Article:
Bring to near to yourself Aharon, your brother, and his sons with him… to minister to Me. (28:1)


In his Shemen HaTov, Horav Zev Weinberger, Shlita, quotes the Talmud in Sotah 21a, which cites the pasuk in Mishlei 6:23, Ki ner mitzvah v’Torah or, “For candle is a mitzvah and Torah is light.” Apparently, the light of Torah is more powerful than the light emanating from a mitzvah. The Talmud observes that an aveirah, sin, has the power to extinguish the light created by a mitzvah. Torah, however, cannot be extinguished by an aveirah. Furthermore, a mitzvah serves as protection for a person only while he is performing the mitzvah. Torah has the power to protect the individual even when one is not studying.

We derive from this that the spiritual plateau achieved by one who studies Torah is more exalted than one who performs a mitzvah. Torah study is pre-eminent and greater than any other

spiritual endeavor. Moshe represented Torah since, after all, Hashem gave the Torah to the Jewish People via the medium of Moshe. Aharon represents the light of a mitzvah. Moshe argued that if he were to be Kohen Gadol and the Rabban shel kol Yisrael, Rebbe of the entire nation, the level of Kehunah would be so exalted that no sin would have the power to abrogate it. Indeed, in his commentary to Parashas Pikudei, Sforno writes that the reason the Mishkan, unlike Shlomo Hamelech’s Bais Hamikdash, never fell into the hands of our enemies is that Moshe constructed the Mishkan. Moshe’s edifice would endure forever. Had he been the Kohen Gadol, however, that institution would have survived the test of time and the vicissitudes of life.

Rav Weinberger observes that the Mishkan and Bigdei Kehunah, Priestly Vestments, were all one step removed from Moshe and Klal Yisrael following the Giving of the Torah. This is very much like the comparison the Midrash makes to a king who became angry with his queen. Despite divorcing her, he continued to send her jewelry and trinkets with which to adorn and beautify herself. Otherwise, there was very little chance that she would once again find favor in his eyes. After their committing the sin of the Golden Calf, Hashem instructed them to construct the Mishkan, Mizbayach, Bigdei Kehunah – all in order to return to Hashem’s favor once again. Moshe’s spiritual level transcends even this. The sin of the Golden Calf had no effect on his level. Thus, he argued for the Kehunah Gedolah, so that the effects of the chet ha’eigel, sin of the Golden Calf, would be limited.

In his commentary to the beginning of the parsha, the Baal HaTurim notes that this parsha is the only parshah in the Torah, since Moshe’s birth, in which his name is not mentioned. He attributes this to Moshe’s declaration, Mecheini na miSifrecha, “Erase me (my name) from Your Book.” Parashas Tetzaveh most often falls out around the seventh of Adar, which is Moshe’s yahrtzeit. Since he demanded his name be erased, and the words of a tzaddik, righteous person, may not be ignored, Moshe’s name was “erased” from one parsha. What more appropriate parsha than the one which coincides with his yahrtzeit?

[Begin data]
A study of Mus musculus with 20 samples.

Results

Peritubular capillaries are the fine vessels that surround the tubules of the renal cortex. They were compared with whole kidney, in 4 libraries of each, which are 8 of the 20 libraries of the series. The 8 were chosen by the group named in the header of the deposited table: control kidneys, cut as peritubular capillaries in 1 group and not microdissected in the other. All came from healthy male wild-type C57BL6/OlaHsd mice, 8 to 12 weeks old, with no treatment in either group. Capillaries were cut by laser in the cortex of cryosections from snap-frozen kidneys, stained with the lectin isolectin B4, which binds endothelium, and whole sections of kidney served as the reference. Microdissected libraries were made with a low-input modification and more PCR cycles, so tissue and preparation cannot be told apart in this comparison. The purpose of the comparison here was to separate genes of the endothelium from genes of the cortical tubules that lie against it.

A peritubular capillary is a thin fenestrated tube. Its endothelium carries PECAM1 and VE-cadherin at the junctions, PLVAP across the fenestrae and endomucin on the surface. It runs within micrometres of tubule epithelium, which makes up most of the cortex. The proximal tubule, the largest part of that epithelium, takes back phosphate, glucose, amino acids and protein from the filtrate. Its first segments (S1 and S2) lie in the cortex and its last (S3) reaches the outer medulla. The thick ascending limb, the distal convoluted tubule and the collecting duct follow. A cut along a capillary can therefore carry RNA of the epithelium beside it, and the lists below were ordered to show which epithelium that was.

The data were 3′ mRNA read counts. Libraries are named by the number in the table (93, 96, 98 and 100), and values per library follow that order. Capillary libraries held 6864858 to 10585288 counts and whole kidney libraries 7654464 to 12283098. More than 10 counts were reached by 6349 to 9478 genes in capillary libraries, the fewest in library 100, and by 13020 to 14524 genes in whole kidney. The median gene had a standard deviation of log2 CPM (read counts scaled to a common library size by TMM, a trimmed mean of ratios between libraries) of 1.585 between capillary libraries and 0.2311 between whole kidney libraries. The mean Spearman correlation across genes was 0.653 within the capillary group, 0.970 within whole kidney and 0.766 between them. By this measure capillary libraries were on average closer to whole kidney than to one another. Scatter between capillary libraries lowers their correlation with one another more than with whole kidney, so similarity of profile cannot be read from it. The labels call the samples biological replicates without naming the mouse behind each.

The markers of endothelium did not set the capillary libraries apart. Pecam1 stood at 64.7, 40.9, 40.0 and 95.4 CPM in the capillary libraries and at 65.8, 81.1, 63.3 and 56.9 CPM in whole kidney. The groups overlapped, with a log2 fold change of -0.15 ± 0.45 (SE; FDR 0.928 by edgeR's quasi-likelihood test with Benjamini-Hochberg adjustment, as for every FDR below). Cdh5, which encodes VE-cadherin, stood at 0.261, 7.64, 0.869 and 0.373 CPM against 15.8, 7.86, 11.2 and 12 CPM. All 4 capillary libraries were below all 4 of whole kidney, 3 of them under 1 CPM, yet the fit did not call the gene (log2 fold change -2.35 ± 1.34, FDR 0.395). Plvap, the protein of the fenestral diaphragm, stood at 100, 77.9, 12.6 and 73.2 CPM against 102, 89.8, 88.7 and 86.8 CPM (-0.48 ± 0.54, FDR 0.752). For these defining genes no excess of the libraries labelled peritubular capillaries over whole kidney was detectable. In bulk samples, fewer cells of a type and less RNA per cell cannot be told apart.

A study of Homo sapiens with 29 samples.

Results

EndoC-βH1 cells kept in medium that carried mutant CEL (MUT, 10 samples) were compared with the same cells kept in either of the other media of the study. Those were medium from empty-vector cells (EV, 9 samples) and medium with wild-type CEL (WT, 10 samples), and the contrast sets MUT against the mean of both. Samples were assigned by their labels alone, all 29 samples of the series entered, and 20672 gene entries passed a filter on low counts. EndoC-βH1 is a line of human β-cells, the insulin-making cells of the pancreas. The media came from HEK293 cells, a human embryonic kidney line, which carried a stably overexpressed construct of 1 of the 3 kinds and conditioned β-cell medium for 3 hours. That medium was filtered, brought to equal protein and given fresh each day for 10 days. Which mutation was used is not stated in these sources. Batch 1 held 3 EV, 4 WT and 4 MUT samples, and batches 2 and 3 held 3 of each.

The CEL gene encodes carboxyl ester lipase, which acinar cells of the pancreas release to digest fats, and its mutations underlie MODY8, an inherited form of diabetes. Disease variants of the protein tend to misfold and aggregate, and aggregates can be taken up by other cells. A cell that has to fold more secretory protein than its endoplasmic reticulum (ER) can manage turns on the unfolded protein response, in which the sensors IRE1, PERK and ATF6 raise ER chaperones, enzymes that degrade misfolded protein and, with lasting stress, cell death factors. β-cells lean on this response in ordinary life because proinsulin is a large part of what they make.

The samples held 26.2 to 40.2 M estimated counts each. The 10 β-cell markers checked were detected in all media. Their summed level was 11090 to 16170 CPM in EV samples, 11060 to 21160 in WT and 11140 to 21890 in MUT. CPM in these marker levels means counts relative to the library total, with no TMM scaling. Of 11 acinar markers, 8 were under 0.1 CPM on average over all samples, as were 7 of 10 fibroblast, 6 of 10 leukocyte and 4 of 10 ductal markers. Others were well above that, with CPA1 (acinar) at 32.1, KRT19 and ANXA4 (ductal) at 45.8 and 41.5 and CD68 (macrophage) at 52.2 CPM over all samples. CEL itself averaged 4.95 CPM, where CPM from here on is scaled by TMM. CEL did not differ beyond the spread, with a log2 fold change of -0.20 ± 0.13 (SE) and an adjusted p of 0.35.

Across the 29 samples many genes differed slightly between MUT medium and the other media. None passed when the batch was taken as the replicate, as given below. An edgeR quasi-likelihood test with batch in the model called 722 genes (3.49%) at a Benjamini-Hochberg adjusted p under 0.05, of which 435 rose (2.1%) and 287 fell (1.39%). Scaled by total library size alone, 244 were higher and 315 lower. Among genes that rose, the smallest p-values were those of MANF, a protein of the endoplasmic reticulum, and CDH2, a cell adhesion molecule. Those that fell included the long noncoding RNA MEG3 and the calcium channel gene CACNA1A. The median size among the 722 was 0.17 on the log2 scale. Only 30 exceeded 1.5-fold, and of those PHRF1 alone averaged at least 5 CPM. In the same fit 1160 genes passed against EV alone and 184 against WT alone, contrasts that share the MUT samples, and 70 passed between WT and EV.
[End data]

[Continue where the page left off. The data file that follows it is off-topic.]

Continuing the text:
Applying the above distinction between Torah and mitzvah, Moshe was alluding to Hashem, “If You will ‘carry’ their sin [Golden Calf] – (which means that Hashem would expunge the sin as if it did not occur), then I can continue to be their leader. If not (if the sin of the Golden Calf remains in its glaring reality; if the Jewish People will thus descend from the spiritual level acquired during the Giving of the Torah), then I can no longer be their leader. Erase me from Your Book.” They were no longer on the madregah, spiritual level, of Torah; they were now on the level of mitzvah, which was reserved for Aharon. Moshe’s name no longer applies in Parashas Tetzaveh, since this parsha addresses the function of Aharon and the Kohanim.

Rav Weinberger takes this idea one step further, as he delineates between the function of Kohen and Navi, Prophet. Indeed, we find nowhere a set of vestments specifically endemic to the Navi; the Kohen, however, does have special holy vestments. Another distinction applies to each individual mission. The Kohen is involved in today – addressing the needs of the nation in the “here” and “now.” The Navi speaks to the future, foreshadowing what will be, what the nation should do to circumvent what might occur as a consequence of the present behavior. In other words, the Kohen is limited in his spiritual venue; the Navi is not. The common denominator between them is the talmid chacham, Torah scholar.

Chacham adif m’Navi, “The Torah scholar is greater than the prophet.” On the one hand, the Torah scholar is limited; on the other hand, he is capable of arousing himself to an elevated and expanded spiritual realm which indicates unlimited potential. After all is said and done, we observe a clear distinction between Moshe and Aharon, with each representing two different facets of service to Hashem. Moshe personifies Torah; he is the one who brought the Torah down from Heaven to earth. Aharon personifies mitzvah observance, which, in effect, elevates earth, bringing it up to Heaven. Each served as a conduit, a connection between Heaven and earth. Moshe brought Heaven down; Aharon sanctified and elevated earth.